By applying taxonomy to explore the concept of knowledge, an organisational structure can be superimposed. This taxonomy provides a shared structure and vocabulary for a complicated concept that cuts across many scientific fields and models.
Blooms’ taxonomy (1956) was hailed in the field of education and the many disciplines that involve themselves with it. But something was missing from the taxonomy – leading to a revised Taxonomy in 2001.
Blooms’ taxonomy was devised to standardize test items for measuring educational objectives. Together with several measurement experts he published the “Taxonomy of Educational Objectives: The Classification of Educational Goals. Handbook I: Cognitive Domain” (Bloom, Engelhart, Furst, Hill, & Krathwohl, 1956). This taxonomy had six main categories:
This structure would later be referred to as the original Taxonomy (after the revised Taxonomy was published (Anderson, Krathwohl, & Bloom, 2001)). The original Taxonomy gained wide recognition and was translated into 22 languages. The original Taxonomy was often used to analyse a curriculum on whether all categories were being (sufficiently) taught. Such analysis tended to show that there was a large emphasis on recognition and recall and not enough on items from the categories Comprehension and Synthesis – which are widely regarded to be vital goals of education. [Even more so now with the whole 21st century skill movement in education – note].
The revised Taxonomy has adapted itself to the thinking and wording of the developing field of cognitive psychology. It has added a subcategory to the Knowledge dimension: Metacognitive Knowledge. The revised Taxonomy has also discerned two dimensions: The Knowledge dimension and the Cognitive Processing dimension. The categories go up in complexity and form a hierarchical scale “Cognitive Process dimension is a hierarchy, and probably one that would be supported as well as was the original Taxonomy in terms of empirical evidence” (see Anderson, Krathwohl, et al., 2001, chap. 16). Both dimensions contain several categories and subcategories:
Structure of the Knowledge Dimension of the Revised Taxonomy
A. Factual Knowledge – The basic elements that students must know to be acquainted with a discipline or solve problems in it.
Aa. Knowledge of terminology
Ab. Knowledge of specific details and elements
B. Conceptual Knowledge – The interrelationships among the basic elements within a larger structure that enable them to function together.
Ba. Knowledge of classifications and categories
Bb. Knowledge of principles and generalizations
Bc. Knowledge of theories, models, and structures
C. Procedural Knowledge – How to do something; methods of inquiry, and criteria for using skills, algorithms, techniques, and methods.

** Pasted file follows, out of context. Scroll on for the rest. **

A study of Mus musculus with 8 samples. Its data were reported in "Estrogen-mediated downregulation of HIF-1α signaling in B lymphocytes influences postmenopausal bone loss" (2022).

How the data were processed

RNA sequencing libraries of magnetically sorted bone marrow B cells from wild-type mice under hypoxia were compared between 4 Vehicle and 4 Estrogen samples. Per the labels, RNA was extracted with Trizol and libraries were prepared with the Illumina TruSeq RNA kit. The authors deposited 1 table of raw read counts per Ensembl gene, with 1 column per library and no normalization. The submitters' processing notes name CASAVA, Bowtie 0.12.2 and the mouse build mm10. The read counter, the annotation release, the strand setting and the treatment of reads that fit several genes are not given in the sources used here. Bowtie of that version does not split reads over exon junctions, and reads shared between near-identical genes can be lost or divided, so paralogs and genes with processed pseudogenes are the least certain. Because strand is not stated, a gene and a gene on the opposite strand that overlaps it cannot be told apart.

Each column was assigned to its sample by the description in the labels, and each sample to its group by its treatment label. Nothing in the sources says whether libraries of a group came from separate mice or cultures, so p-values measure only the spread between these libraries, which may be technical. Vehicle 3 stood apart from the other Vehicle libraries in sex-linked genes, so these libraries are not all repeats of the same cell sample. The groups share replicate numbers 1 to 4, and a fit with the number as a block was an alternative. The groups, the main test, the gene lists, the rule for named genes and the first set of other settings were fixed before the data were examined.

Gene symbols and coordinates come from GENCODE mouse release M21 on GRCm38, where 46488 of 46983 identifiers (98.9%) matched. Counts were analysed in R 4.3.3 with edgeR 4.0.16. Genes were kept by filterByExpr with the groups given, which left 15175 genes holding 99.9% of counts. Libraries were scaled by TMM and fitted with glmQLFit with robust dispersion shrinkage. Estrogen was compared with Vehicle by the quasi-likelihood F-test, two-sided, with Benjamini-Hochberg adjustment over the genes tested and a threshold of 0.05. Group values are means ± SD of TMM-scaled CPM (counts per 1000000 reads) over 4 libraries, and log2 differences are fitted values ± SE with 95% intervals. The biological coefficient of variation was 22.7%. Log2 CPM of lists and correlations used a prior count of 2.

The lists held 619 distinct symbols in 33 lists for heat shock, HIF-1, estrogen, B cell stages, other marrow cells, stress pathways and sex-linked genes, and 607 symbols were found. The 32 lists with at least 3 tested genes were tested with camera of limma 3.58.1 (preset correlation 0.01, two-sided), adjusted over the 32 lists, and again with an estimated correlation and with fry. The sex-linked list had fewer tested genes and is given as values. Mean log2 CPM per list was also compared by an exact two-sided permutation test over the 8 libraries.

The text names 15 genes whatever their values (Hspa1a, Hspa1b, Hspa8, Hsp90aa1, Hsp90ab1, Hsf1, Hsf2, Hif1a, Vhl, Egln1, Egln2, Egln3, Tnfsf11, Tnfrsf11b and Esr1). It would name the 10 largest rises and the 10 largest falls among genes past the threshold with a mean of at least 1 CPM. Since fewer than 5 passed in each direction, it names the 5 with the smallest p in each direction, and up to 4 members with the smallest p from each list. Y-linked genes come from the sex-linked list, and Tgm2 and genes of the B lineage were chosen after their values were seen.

Ca. Knowledge of subject-specific skills and algorithms
Cb. Knowledge of subject-specific techniques and methods
Cc. Knowledge of criteria for determining when to use appropriate procedures
D. Metacognitive Knowledge – Knowledge of cognition in general as well as awareness and knowledge of one’s own cognition.
Da. Strategic knowledge
Db. Knowledge about cognitive tasks, including appropriate contextual and conditional knowledge
Structure of the Cognitive Process Dimension of the Revised Taxonomy
1 Remember – Retrieving relevant knowledge from long-term memory.
2 Understand – Determining the meaning of instructional messages, including oral, written, and graphic communication.
3 Apply – Carrying out or using a procedure in a given situation.
4 Analyse – Breaking material into its constituent parts and detecting how the parts relate to one another and to an overall structure or purpose.
5 Evaluate – Making judgments based on criteria and standards.
6 Create – Putting elements together to form a novel, coherent whole or make an original product.
These two dimensions can be combined in a table. “Using the Table to classify objectives, activities, and assessments provides a clear, concise, visual representation of a particular course or unit. Once completed, the entries in the Taxonomy Table can be used to examine relative emphasis, curriculum alignment, and missed educational opportunities.” (Pintrich, 2002).
Cognitive Process Dimension
Anderson, L. W., Krathwohl, D. R., & Bloom, B. S. (2001). A taxonomy for learning, teaching, and assessing: A revision of Bloom’s taxonomy of educational objectives: Allyn & Bacon.
Bloom, B. S., Engelhart, M., Furst, E. J., Hill, W. H., & Krathwohl, D. R. (1956). Taxonomy of educational objectives: Handbook I: Cognitive domain. New York: David McKay, 19(56).
Pintrich, P. R. (2002). The role of metacognitive knowledge in learning, teaching, and assessing. Theory into practice, 41(4), 219-225.